Fig Tree John's Lost Gold Mine
JuanitoRazon (Little John) was a member of the Cahuilla group of Indians that, in early times, lived throughout the Coachella Valley of Riverside County. As the “whites” began to settle in the area, the natives were encouraged to move to reservations established by the government. When the shuffle came, Little John decided that he was not going to move and so remained on his plot of land located at the edge of the Salton Sea. He held strong views regarding protection of ones private property. Those who happened onto his land, for what ever reason, without permission could be faced by an angry Indian threateningly waving an ancient unloaded Winchester rifle. They say his disposition was generally friendly but unpredictable and a lot depended on how he viewed his situation at a given time. If you needed help or wanted to do a little horse trading he could be outgoing and friendly. He was always willing to give a helping hand to folks in trouble especially if they needed to have their vehicle towed out of the desert. In these cases, for a small fee, he’d hitch the vehicle to his mules and pull it into the town of Mecca where repair services were available.
There is some dispute about his age. Most agree that he lived to be over 100 years of age. He died in 1927 so that would place his birth date at around the1820s or 30s. He must have witnessed a lot of changes in the settlement of the West including Spanish, Mexican and early American periods of occupation. He may have been the native whom Lieutenant Parke encountered in 1853 on his expedition across the South West to determine the best route for the Southern Pacific Railroad.
Early maps including AAA (Riverside County 1922) and Blackburn (Imperial County 1950) show a small dot on the old highway and note it -- “Fig Tree John’s” His name came from a fig orchard that he cultivated on his property near a spring: the only figs grown in the valley at that time. Over the years, this isolated dot became a well known watering hole for those traveling by automobile and needing to fill their radiator before heading south to the Imperial Valley. The spring was located on the east side of highway 86, one mile north of the Riverside/Imperial county line at: lat 33.436 north; Lon 116.043 east.
On special occasions and when greeting visitors at his home, he would dress up by putting on a US Army coat with large brass buttons and a black silk stovepipe hat. It was rumored that the coat was a gift from an army officer whom he befriended. For a pesso he would pose for a picture and sometime he would allow his wife and children to be included. They say the size and shape of his feet suggested that he had never worn shoes. He was quite a sight, a real character and you can believe he knew it.
In 1905, the Colorado River broke through the gates that controlled the flow of water that irrigated croplands in the Imperial Valley. As a result, the Salton Sea began to fill and eventually the water reached Little John’s orchard and home forcing him to move his family to a site three miles to the northwest at a place called Agua Dulce. He planted a new orchard and remained at Agua Dulce for the rest of his life but he never gave up his claim to the original Fig Tree Spring.
There were some who believed that Fig Tree John had a secret source of gold. Gene Hill, owner of a general store in Mecca, said that Fig Tree John sometimes paid for his purchases with raw gold. A local prospector stated that some of the elders among the Cahuillas that he had talked to believed it. As you might expect, after John’s death the story took on mythic proportions similar to many other lost gold cashes of the “Old West.” Fig Tree John’s son, Johnny Mac, when asked about his father’s gold mine was reported to have said, “maybe yes maybe no.” And that’s the way it stands –some believed the story but most didn’t.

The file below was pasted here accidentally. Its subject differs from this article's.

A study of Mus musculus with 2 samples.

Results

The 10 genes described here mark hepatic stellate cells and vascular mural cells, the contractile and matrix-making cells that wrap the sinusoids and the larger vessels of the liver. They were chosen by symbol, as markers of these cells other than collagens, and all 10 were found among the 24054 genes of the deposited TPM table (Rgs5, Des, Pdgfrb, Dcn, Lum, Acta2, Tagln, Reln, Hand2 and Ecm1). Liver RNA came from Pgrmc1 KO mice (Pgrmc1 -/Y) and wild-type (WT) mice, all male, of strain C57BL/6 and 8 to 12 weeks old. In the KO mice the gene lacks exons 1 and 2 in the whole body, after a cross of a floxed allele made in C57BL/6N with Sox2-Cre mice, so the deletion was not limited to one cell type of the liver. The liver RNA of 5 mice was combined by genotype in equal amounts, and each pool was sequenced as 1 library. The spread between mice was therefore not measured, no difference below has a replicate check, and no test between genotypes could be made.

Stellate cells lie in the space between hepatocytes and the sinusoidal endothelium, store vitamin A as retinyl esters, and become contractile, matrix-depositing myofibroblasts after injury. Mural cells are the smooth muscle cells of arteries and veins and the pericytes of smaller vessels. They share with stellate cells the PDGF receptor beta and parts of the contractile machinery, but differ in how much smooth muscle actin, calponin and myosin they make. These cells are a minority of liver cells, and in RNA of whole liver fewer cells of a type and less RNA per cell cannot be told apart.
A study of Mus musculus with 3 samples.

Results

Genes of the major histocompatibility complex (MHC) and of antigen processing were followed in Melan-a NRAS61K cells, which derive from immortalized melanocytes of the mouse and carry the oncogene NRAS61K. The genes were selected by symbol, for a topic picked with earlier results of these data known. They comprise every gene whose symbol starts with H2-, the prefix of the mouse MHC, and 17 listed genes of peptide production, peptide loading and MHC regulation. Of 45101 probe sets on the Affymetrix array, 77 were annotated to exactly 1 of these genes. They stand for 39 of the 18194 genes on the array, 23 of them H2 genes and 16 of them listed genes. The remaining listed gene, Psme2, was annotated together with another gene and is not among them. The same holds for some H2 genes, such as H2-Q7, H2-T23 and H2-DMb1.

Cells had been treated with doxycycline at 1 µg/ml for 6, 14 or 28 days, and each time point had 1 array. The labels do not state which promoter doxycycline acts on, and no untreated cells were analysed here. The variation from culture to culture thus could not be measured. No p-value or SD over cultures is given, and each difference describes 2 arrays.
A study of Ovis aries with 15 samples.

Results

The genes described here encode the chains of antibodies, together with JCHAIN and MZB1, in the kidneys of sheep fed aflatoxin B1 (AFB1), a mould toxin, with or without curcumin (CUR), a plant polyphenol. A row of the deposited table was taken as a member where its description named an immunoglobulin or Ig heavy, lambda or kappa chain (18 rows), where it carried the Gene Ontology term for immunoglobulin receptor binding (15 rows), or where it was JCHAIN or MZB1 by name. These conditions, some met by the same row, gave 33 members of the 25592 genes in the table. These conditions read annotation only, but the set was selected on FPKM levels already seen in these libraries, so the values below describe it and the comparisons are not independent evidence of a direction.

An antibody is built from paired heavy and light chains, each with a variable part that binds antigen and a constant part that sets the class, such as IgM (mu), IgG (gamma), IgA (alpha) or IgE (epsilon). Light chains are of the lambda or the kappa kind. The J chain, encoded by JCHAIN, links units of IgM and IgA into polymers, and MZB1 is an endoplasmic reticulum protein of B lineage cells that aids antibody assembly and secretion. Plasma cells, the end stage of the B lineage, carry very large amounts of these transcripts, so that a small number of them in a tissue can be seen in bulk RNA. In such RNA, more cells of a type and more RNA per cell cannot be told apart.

In 1903, H.E.W. Wilson prospected in the Santa Rosa Mountains and camped at a spring called “Palm Oases” by the natives. He was searching for Pegleg Smith’s mythical stash of black gold. Some believed that there was connection between the two lost treasures and that these characters were actually partners.
In the 1930s, the famous desert artist and writer John Hilton ventured into the Santa Rosa Mountains in search of Fig Tree John’s lost mine. He was accompanied by Ben Toro a Cahuilla Indian who’d grown up hunting bighorn sheep by following ancient Indian trails throughout these mountains. According to Ben’s grandfather, Fig Tree John got water for his mine from a palm spring called “Palm Oases” located in a canyon.
I believe the trail took Hilton and Toro up Barton Canyon located south of Rabbit Peak. According to his story, as they round a bend in the canyon they abruptly arrived at the palm oasis mentioned by Ben’s grandfather. After some searching for evidence of a mine, Hilton’s attention turned to other interesting minerals that he found along the walls of the canyon and surrounding area including garnets, graphite in limestone, and wollastonite.
A friend of Hilton’s told him about two prospectors that worked a claim near the spring. The two had constructed a crude smelter near their camp. They kept to themselves and didn’t divulge where their claim was located. On a later trip, Hilton returned with this friend but they couldn’t find any evidence of the camp which they figured had been washed away.
Well that’s the story of Fig Tree John’s lost gold mine as best I can tell it. I’m thinking of taking a hike up Barton Canyon -- maybe next winter. John Hilton mentioned some other surprises that might still be found around the Oases or farther up the canyon. You just never know what a good flash flood down that canyon might uncover.